BMW European Delivery – 10 observations

This is has to be the best and the most detailed BMW European Delivery story I have ever read. Paul, a member of bimmerfest, went …

This is has to be the best and the most detailed BMW European Delivery story I have ever read. Paul, a member of bimmerfest, went to Europe with this wife to pick up his Montego blue, BMW 335i coupe on a 19-day vacation. In this article, I am only going to post some advices and observations that Paul shared with us. In my next articles, I will post Paul’s BMW European Delivery trip starting with day 1 through day 19. As they traveled, he kept a journal with details about his trip. According to Paul,

ugh (warning!) it contains a level of detail that goes beyond most bimmerfest trip journals. Since it served as both a trip journal and a blog for family and friends, there’s a lot of chronicling of exactly what was eaten and other trivia that may bore the average reader but will serve as mnemonic triggers for my wife and me. If you want day-to-days (and then some), that’s where to find it.

Now, let me go back to the original topic and share with you the 10 things they discovered in their trip:

  1. Research & Plan (or know your options) there have been several threads about the advantages of the plan it out vs. go with the flow approaches to travel. I’ve done both, and personally think that what fits best may be a function of age. When I was in college and backpacking around Europe with a Eurail Pass and a few bucks, I was all about the improvisation. Now that I’m 50 with a limited time for vacation, I’m much more into planning it out (imagine that!). Either way, I think that research is a great tool. Whether you have all your hotels pre-booked or go from day to day, it helps to have a good sense of your options are and do a bit of pre-reading, movie watching, map studying, internet surfing, etc. In general, we enjoyed the Eyewitness Guide series of books, with exploded drawings and multiple maps, though we found the Vienna books frustrating in how it divided the city into sectors that were hard to cross-reference.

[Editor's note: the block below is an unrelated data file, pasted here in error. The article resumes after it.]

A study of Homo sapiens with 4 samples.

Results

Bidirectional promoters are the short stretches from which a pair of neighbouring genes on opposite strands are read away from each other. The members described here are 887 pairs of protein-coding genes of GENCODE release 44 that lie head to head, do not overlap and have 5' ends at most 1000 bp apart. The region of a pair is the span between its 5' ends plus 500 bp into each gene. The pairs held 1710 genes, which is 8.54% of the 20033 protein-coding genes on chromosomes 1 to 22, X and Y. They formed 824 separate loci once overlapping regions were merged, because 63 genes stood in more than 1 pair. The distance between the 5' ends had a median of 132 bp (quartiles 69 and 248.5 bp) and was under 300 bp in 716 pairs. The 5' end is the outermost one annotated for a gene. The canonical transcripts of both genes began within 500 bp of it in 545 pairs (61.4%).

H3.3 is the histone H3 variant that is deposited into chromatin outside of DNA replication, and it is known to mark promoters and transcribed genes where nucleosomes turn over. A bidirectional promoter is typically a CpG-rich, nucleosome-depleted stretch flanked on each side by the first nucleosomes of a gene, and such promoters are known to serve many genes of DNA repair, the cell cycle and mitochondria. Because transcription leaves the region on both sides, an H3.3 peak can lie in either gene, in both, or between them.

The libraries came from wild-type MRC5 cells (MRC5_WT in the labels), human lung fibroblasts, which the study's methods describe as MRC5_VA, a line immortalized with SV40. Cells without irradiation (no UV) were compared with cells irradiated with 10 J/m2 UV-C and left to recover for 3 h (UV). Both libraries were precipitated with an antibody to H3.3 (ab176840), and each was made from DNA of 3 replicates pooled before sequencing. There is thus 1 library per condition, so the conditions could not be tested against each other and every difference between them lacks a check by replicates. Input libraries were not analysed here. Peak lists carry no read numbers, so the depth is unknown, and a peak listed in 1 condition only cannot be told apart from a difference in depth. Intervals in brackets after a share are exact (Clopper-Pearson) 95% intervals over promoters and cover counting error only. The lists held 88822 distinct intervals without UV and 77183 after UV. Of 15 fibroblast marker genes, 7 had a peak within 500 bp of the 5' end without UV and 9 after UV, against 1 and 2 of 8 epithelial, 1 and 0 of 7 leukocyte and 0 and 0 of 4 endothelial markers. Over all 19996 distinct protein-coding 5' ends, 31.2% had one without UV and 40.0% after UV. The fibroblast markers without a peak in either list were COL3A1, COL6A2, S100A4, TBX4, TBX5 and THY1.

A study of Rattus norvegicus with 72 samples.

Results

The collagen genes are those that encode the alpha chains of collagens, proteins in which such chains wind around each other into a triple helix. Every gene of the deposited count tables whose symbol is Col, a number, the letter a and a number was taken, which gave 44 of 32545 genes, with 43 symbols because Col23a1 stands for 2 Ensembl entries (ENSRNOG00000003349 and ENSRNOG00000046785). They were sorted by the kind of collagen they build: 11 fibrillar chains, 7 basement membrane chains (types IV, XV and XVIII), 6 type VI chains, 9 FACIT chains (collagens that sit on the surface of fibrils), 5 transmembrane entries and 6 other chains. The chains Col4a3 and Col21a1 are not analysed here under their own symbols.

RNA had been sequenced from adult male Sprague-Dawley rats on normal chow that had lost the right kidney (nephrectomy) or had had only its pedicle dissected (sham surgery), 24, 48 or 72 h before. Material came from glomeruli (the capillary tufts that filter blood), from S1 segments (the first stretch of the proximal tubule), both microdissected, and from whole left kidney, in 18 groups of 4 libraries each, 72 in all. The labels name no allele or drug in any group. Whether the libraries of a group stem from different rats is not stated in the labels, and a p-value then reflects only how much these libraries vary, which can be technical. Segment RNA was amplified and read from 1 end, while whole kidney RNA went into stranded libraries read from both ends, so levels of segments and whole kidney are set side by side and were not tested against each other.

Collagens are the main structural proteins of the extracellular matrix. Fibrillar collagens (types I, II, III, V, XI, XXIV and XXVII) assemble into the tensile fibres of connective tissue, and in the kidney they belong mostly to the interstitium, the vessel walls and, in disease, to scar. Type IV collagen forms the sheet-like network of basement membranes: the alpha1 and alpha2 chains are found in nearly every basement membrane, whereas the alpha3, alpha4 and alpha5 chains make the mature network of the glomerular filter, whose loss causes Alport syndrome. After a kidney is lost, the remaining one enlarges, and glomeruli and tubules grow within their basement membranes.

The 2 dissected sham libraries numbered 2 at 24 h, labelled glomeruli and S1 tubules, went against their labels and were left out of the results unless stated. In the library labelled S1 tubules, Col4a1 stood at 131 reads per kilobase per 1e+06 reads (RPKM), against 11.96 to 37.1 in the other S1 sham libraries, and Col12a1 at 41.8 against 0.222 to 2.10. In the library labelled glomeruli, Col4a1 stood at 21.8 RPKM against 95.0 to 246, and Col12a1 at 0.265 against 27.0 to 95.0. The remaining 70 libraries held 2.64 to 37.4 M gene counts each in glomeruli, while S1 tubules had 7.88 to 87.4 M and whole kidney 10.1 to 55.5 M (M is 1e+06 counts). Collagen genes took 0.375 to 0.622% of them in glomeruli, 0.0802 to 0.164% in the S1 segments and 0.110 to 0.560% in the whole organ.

2. Pack light. Even for travel with a car, we were really happy that we had gotten everything into a couple of small roller suitcases, a small backpack, carry-on shoulder bag and a computer briefcase. We checked our rollers, rather than carry them on, because of the whole business with liquids these days. Nonetheless, packing and dragging bags to and from hotels takes a lot of time, and the less one drags, the faster it is. We also followed the advice to not pack any item that wouldn’t be worn several times and had underwear, socks, and clothes that could be hand washed and were quick drying for in-room self-serve laundry.
  3. Have a GPS. We have a Garmin Navi, and were able to borrow a SD card with European maps which made our lives much simpler (as has been commented upon a length in other threads). Unfortunately, we learned when we were there that the v.8 version of the Garmin/Navteq maps does not include Hungary, Croatia or Slovenia.
  4. Beer is good nutrition. We drank wonderful beers in all of the countries, and my wife became a big fan of Radler, the mixture of beer and fizzy lemonade (or in some cases, 7-Up). Sounded terrible, but drank much better!
  5. Breakfast buffets rock! We made the best of the fantastic buffets that were available in most of the hotels. After a while, my greed dissipated and I mellowed out to a few choices, but I continued to enjoy the variety and quantity.
  6. Keep enough cash on hand. ATMs are usually readily available, and VISA, M/C or other plastic can be used for many things, but always have enough cash for a couple of masses of beer and a pretzel. You’ll probably need cash for that. Additionally, now that the credit card companies are charging an additional fee on top of each transaction for performing the currency conversion, traditional traveler checks are looking good again.
  7. Germany was not as expensive as we thought it would be, and Czech Republic and Hungary were not as inexpensive as we’d expected.
  8. Public restrooms in Europe have changed. First, they were almost invariably clean, and secondly, unlike I had experienced in past decades, they were generally free, or only occasionally had the tip obligatory dish and scowling cleaning person.
  9. Capri pants look bad on 95% of men. Capris on men is a fashion trend that has mercifully stayed mostly outside the continental 48. The older the guy, the worse it looks like baseball caps worn backward.
  10. Relax and enjoy. In one of his books about European travel, Rick Steves mentions how important it is to stay relaxed and not let stress, expectations or temper get in the way of enjoyment. This was good advice to keep in mind, and on a couple of occasions when I began to get annoyed at something, I reminded myself to chill out, go with the flow, etc. That’s why they call it vacation!